There’s no denying that product photography is incredibly important to
Lucky for you, you don’t necessarily need an expensive toolkit or a photographer friend to take those pictures. Smartphone cameras have progressed at an astounding pace.
They won’t deliver the same end result as hiring a product photographer with a DSLR, but you can take perfectly good photos of your products in the meantime. You just need to know a few tips and tricks.
Get the Right Camera
In the best lighting conditions, any modern smartphone can take decent pictures. If you are going to take photos in natural light, you don’t need to worry about your camera.
However, if you go for indoor photography, make sure your camera has the following features:
- Autofocus for quick shooting
- Optical image stabilization (OIS) for reducing blur
- Aperture (lower numbers are better) for improving
- LED flash for powerful light
More megapixels do not necessarily create a better image. The number of megapixels mostly stands for the image size — the more megapixels, the larger the image. Something between 8 and 16 megapixels is fine — in case you want to crop your pictures, they won’t lose a lot of clarity.
If you are going to buy a new phone anyways, you can compare the quality of real pictures taken under different light conditions by various cameras here. The most popular brands are available for comparison.
Prepare the Background
Find a contrasting background
Choose a concept for your background, so that your photos look like a gallery. Background ideas vary from plain white to every kind of surface you find attractive. Having a concept doesn’t mean using one and the same background all the time — you can play with textures and colors.
Sometimes it’s hard to find a plain background for your photos. In this case, set up a poster board against a wall, so that it’s curved from the floor to the wall.
You might need to anchor the corners that are on the floor to keep it from moving or blowing away (if you’re outdoors) — you can use books or anything else that’s heavy enough. If you’re having a hard time picturing it, think of it like creating your own
Your pictures don’t have to be all white. Using a natural background is not just an
Experiments with background make your pictures unique and influence brand establishment. People tend to remember brighter colors and interesting compositions better.
Also, getting creative with backgrounds increases the chances that someone will want to like and share your product picture on social media, especially on Pinterest and on Instagram.
Try and DIY a wooden background:
Here’s a possible result:
Or use a knitted one:
You don’t even have to buy special cloth for that. Go through your sweaters, plaids, and rugs — they are all treasures.
Take what you sell and go for a walk to find backgrounds that would make great company to your product’s colors, shape, and dimension. Grass, sand, road, leaves, walls — the list goes on as long you can go.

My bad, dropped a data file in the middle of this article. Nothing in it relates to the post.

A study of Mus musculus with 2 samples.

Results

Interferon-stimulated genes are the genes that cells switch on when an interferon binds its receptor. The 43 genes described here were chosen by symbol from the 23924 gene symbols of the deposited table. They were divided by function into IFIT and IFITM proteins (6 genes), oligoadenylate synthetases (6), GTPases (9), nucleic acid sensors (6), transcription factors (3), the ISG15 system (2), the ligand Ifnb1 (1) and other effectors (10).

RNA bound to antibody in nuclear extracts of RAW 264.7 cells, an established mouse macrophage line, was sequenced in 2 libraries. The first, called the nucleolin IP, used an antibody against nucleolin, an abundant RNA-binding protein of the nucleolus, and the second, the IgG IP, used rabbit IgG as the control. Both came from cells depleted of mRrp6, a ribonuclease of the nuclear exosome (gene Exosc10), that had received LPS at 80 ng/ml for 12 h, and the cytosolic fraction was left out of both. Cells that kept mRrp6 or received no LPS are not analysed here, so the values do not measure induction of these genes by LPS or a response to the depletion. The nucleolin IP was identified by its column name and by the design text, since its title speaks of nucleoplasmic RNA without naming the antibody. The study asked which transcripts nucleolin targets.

Set the Light
Light is by far the most important factor for a beautiful picture. As mentioned above, natural lighting is best, but sometimes, direct natural light can be harsh and cause dark shadows and color distortions (making things look more orange than they are).
Shoot in Natural Light
If you can take photos directly next to a large window that receives natural light, that can prevent harsh shadows because it diffuses the light.
The other option is aiming for earlier morning hours or later afternoon hours when the sun is a little less harsh. You also don’t want the product to be backlit, so you want the source of light to be behind or to the side of you and above the camera/phone.
Get a Lightbox
If you are going to consistently take and add new photos to your store as you expand your product catalog, and have no intentions of outsourcing product photography any time soon, buy a lightbox or go DIY.
You’ll need: your phone; a white poster board; a large, clear, plastic storage container; and
How to shoot with a lightbox:
- Put the white poster board in the storage container so that it curves from the bottom of the container up the back.
- Position a lamp on each side of the storage container.
- Make sure you have the right bulbs for the lamps. The bulbs in each lamp need to be identical (otherwise the lighting will be uneven or give different colors); ideally, you’ll use
Think Through Composition
Remember the benefit you have over physical stores: you can tell a lot more about your product by means of photography. Customers don’t buy things — they buy emotions. So ask yourself:
Does my picture tell a story?
In order to picture an involving story and drag your customers into it, experiment with perspectives and use accessories. You will need more than just the front and the side views of your product. Try the following approaches to start with.
A Static Picture
Show your product’s natural look.
Product in Action
Tell your customers about the best product features.
Give your customers an idea of how your product can fit their lives.
Your Next Steps
Are you inspired enough to grab your phone and go shoot beautiful product pictures?
Here’s a summary of things to remember:
- You’ll need (in total): a smartphone, a tripod, a plastic container, three lamps, a poster board and a backdrop or two.
- Natural light is best, but try to shoot during morning hours or before the sunset.
- Choose contrasting backgrounds.
- Try to include a story in your images.